Yesterday I read “What Heals?”, a poignant, courageous transparent post by a recovering drug and alcohol addict in recovery for over a decade. It moved me. By God’s grace alone I’ve been spared alcohol and drug addiction . . . I’ve fought other addictions.
‘Recovering’ isn’t a favored term . . . it has no end point . . . and no addict ever planned on owning it. Ironically however, it’s in honestly owning ‘recovering’ that sustains it and keeps addiction relapse at bay. Fortunately, many rehabilitation programs exist to assist addicts in recovering. However, without transparent relationships with trusted others, and a genuine dependency on God, lasting recovery is constantly challenged.
As a young person I remember the first time a man told me, “I’m a recovering alcoholic.” It left me surprised, and somewhat confused and disappointed. He appeared to be a respectable guy . . . He was! . . . it was my prideful, judgmental human nature in need of ‘recovering’ for underestimating his inestimable worth as a human being.
We’ve all faced addictions. Living life has rendered all of us potential ‘addicts’ constantly navigating ‘recovering’. Perhaps we haven’t sunk to the depths of addiction requiring professional rehabilitation but, . . . truth be known . . . each of us is a recovering ________________ (you know your battle)
Recently, I read the words below written by a recovering alcoholic. Lewis Meyer relates the unfortunately uncommon, precious healing of transparency discovered in Alcoholic Anonymous meetings, and I’ve experienced in Celebrate Recovery. May it encourage you as it has me to embrace the healing of transparency faith and faithful friends can provide along life’s challenging journey.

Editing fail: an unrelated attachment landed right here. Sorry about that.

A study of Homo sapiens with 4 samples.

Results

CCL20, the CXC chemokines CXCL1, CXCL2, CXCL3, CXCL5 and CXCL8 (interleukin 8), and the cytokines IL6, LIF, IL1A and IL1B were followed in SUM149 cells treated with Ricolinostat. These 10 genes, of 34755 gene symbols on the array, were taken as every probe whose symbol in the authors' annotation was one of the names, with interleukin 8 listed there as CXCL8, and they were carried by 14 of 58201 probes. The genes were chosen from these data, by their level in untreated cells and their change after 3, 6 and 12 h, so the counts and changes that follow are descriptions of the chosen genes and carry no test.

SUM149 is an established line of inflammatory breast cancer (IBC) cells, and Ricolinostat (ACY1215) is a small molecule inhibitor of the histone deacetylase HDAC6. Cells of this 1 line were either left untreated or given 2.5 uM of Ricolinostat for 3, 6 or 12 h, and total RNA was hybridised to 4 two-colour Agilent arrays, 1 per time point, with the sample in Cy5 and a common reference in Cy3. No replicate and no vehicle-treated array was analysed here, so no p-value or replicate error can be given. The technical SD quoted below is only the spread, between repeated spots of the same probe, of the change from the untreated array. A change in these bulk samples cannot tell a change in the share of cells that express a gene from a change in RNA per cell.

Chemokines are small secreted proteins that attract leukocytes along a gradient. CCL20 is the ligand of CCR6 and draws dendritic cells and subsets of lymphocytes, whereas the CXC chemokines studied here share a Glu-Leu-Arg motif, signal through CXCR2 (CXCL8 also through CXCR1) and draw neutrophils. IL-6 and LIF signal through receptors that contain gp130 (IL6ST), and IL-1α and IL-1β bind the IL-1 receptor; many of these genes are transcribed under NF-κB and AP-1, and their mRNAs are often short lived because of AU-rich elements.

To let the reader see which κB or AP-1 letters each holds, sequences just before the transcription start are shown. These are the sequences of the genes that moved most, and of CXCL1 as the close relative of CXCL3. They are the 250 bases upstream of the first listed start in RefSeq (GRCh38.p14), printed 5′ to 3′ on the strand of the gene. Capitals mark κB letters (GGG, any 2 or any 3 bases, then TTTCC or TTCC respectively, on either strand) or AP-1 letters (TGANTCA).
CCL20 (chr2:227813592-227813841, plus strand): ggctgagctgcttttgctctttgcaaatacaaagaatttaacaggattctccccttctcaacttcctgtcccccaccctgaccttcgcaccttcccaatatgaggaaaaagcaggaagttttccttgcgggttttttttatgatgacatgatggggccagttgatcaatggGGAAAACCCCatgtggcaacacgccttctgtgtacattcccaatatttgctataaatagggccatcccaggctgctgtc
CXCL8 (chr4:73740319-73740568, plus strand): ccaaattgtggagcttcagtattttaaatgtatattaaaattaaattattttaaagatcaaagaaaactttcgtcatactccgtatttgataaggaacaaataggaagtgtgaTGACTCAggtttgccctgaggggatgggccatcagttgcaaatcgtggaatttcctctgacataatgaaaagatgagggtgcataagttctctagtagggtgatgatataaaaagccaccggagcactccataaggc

Off the Sauce
“If one could use only one word to describe the feeling of an AA meeting, it would be love.
Love is the only word I know that encompasses friendship, understanding, sympathy, empathy, kindness, honesty, pride, and humility. The kind of love I mean is the kind Jesus had in mind when He said, “Love one another.”
Shoes may be shed, attention might be diverted, but there is a closeness between AAs, a closeness you seldom find anywhere. It’s the only place I know where status means nothing. Nobody fools anybody else. Everyone is here because he or she made a slobbering mess of his or her life and is trying to put the pieces back together again. First things are first here.
I have attended thousands of church meetings, lodge meetings, brotherhood meetings – yet have never found the kind of love I find at AA. For one small hour the high and mighty descend, and the lowly rise. The leveling that results is what people mean when they use the word brotherhood.”
“Behind each one’s strength is hiding a fallen person in need of redemption, a person precious in the eyes of God because of the unique treasure they are meant to be in time and eternity.“
Adrian van Kaam
“Keep Looking Up . . . His Best is Yet to Come!”
3 thoughts on “Healing Transparency”
Truth! I first read a note with the same sentiment about AA in a Frederick Buechner book. An organization committed to recovery and love that doesn’t own any buildings and has little liturgy. I love the way that you put it – we are all recovering and need that healing transparency!